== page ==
You know the Android codenames, right? Starting with Android 1.5, they're alphabetical snacks - Cupcake, Donut, Éclair, Froyo, Gingerbread, Honeycomb, Ice Cream Sandwich, and Jelly Bean. But what about before 1.5? What were those called? And why did they start with C? We've got real answers from real Googlers.
Wikipedia's Android Version History is a pretty awesome article, but, as of a few days ago, it was erroneously calling 1.0 and 1.1 "Astro" and "Bender." We had never heard of this, and there wasn't a good source attached to it, so we took to G+ to set the record straight. Luckily for us, Android Engineers Jean-Baptiste Queru, Dianne Hackborn, and Romain Guy chimed in with historical accounts of Android's sugary pseudonyms.
As with any historical accounts, stories are going to differ slightly, but everyone agrees that the delicious code names didn't start with Cupcake, Android 1.1 was known as "Petit Four." After hearing that and doing some Googling, you'll find it even says so on the official Android Platform Overview page.
As for 1.0, the answer may be boring, but JBQ says "Android 1.0 didn't have a codename at all." Dianne Hackborn says she doesn't remember the code name of 1.0, and suggests "maybe it was just 'OMG are we going to survive this?'"
Pre-1.0, things start to get less user-friendly, with JBQ saying:
When I started in Nov 2007, the scheme was around "milestone" builds, and milestones m3 and m5 ended up being used for preview SDKs. After that, we had weekly builds (e.g. WB13 was the build for the 13th week of 2008), and after that we had test cycles during which we were incorporating external feedback (e.g. TC3 was the third such cycle).
There were no codenames at any time from where I started until the beginning of the work on post-1.0 tasks.
And, sure enough, if we take a look at the official SDK archives, you'll see versions like "m3-rc20a," "m3-rc37a," "m5-rc14."
Left: m3-rc20a | Right: m5-rc15
These "milestone" builds are all pre-1.0 builds of Android that look nothing like the 1.0 build we saw ship in the G1. M3 looks like a Blackberry OS, and M5 has 4 apps, no app drawer, and no usable desktop.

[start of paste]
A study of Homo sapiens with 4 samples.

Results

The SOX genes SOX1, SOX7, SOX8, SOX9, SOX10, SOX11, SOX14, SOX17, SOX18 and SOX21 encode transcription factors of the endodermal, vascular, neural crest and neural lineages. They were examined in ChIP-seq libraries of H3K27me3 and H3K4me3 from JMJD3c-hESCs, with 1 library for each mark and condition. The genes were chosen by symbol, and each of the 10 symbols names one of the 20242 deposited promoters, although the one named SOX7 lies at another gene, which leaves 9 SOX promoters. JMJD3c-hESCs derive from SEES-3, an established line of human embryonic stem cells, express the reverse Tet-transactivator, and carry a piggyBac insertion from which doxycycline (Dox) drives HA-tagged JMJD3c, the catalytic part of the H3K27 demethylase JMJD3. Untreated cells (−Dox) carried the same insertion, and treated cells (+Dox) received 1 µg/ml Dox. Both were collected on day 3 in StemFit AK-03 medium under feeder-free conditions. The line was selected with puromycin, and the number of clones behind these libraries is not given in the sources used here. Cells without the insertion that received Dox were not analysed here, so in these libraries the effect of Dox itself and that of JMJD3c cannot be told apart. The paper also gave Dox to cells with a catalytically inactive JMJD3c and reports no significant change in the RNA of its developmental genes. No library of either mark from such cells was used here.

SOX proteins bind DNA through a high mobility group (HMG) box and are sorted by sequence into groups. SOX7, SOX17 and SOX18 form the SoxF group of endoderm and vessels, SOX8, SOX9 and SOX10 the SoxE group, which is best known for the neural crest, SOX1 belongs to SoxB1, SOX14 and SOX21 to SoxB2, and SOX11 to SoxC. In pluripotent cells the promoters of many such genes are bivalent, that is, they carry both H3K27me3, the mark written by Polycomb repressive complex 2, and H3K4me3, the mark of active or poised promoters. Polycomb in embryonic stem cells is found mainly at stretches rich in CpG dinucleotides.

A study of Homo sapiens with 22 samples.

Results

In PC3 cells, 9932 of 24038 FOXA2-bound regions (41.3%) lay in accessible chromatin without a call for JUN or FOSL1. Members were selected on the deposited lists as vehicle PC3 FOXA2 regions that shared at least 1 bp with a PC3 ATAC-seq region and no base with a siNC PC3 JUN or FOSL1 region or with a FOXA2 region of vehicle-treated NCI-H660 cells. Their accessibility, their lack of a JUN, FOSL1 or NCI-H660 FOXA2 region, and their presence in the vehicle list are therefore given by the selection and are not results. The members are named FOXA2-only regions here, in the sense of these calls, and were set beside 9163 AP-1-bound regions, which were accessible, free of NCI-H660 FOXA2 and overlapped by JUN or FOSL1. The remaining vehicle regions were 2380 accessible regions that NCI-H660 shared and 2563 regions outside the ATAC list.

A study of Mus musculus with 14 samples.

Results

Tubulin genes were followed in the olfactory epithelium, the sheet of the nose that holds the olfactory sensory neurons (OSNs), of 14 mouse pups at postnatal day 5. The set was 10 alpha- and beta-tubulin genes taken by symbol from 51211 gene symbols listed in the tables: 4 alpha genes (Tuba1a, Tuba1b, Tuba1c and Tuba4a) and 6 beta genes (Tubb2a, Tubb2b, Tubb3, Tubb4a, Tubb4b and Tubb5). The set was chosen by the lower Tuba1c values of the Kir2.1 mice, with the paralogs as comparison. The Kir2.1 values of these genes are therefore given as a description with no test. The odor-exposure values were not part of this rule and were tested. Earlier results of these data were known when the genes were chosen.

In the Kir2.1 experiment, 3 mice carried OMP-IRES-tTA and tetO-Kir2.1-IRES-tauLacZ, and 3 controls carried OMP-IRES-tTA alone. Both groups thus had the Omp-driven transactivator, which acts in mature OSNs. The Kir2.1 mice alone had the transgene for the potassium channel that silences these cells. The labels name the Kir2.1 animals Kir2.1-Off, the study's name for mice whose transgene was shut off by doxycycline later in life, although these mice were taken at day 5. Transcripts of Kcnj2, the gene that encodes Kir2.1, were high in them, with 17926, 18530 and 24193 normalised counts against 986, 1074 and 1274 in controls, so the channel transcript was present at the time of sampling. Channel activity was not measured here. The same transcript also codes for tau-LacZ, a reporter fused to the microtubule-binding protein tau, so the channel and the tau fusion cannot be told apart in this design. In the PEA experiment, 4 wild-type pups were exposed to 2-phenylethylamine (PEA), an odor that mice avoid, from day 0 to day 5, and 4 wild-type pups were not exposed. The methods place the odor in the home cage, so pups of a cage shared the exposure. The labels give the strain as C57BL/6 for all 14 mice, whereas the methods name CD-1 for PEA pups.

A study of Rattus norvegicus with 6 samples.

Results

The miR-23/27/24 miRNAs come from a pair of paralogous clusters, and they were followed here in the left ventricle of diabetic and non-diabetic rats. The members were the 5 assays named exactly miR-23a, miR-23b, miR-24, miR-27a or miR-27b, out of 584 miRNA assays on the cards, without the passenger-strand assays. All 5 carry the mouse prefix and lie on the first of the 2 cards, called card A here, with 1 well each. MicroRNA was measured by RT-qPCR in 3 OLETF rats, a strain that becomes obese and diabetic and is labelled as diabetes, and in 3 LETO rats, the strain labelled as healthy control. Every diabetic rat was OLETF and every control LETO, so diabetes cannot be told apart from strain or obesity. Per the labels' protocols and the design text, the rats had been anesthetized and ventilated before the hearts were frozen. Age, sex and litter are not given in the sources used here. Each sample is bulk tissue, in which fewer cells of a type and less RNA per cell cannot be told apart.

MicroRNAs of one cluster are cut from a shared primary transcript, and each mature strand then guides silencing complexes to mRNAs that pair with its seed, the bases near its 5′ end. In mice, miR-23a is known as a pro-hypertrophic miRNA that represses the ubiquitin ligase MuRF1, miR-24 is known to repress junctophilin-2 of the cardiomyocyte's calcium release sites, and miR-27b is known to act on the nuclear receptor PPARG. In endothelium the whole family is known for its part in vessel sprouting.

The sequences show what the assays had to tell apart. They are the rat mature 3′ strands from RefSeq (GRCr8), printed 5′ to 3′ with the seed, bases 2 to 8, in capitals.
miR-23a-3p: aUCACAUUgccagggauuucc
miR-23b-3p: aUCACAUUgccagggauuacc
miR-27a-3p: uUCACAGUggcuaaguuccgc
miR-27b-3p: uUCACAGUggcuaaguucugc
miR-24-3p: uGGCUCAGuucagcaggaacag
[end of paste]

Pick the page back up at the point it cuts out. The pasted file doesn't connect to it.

If you think names like "m3-rc37a" sound hard to keep track of, you aren't the only one who feels that way, with JBQ explaining that this murkiness would later be the impetus for a new build numbering system.
In early 2009, there was a lot of confusion with the build numbers because people didn't use the full build numbers, saying "rc30" without saying whether they were talking about 1.0-rc30 or 1.1-rc30 (and there were many more variants inside Google). That's when we decided to switch to a new scheme for build numbers, the one that we're now using. The first build under that scheme might have been CRA29.
That's when we realized that having C for the third release was a good idea (even though it was really the fourth release as there had actually been two versions of 1.0), and when we decided to pick codenames alphabetically after that.
And there you have the reason they started with "C." It was the third release, so "C" just seemed like a good idea. JBQ also says that "Donut was the first one where the name was made to explicitly start with a letter in alphabetical order." So it sounds like after realizing Cupcake and 3 went together well, they settled on alphabetical snacks.
So what about these "Astro" and "Bender" names from Wikipedia? Romain Guy says of the Wikipedia article "They link to a talk I gave were I mentioned Astro and Bender but I never said they were 1.0 and 1.1" Dianne Hackborn attaches them to the milestone builds, saying:
Astro Boy and Bender were definitely code names that were tagged on some milestones with plans for using a robot theme, but these may have been pre-1.0 milestones, or plans-that-changed for after 1.0.
And in the G+ post for this post (we are getting seriously recursive here), Dianne also adds that:
The early code name was Astro Boy, not Astro. The plan was to use code names that were fictional robots, and we were going to do them in alphabetical order. As things went on, plans changed, and those milestones were modified, and at some point we ended up with 1.1 being Petit Four because our PM liked tasty treats. We then went with that, but went back to doing them in alphabetical order.
So Astro Boy and Bender were real, but they went with the super-early milestone builds, similar to what's pictured above. The full timeline goes like this:
- Android milestone builds (with Astro Boy and Bender floating around in here somewhere)
- Android 1.0 (No codename)
- Android 1.1 - Petit Four
- Android 1.5 - Cupcake
- Android 1.6 - Donut
- Android 2.0 - Éclair
- Android 2.1 - Éclair
- Android 2.2 - Froyo
- Android 2.3 - Gingerbread
- Android 3.0 - Honeycomb
- Android 4.0 - Ice Cream Sandwich
- Android 4.1 - Jelly Bean
So there you go. An actual codename history, and not this silly "1.0 Astro/1.1 Bender" stuff that people on the internet are endlessly repeating. Don't believe everything you read.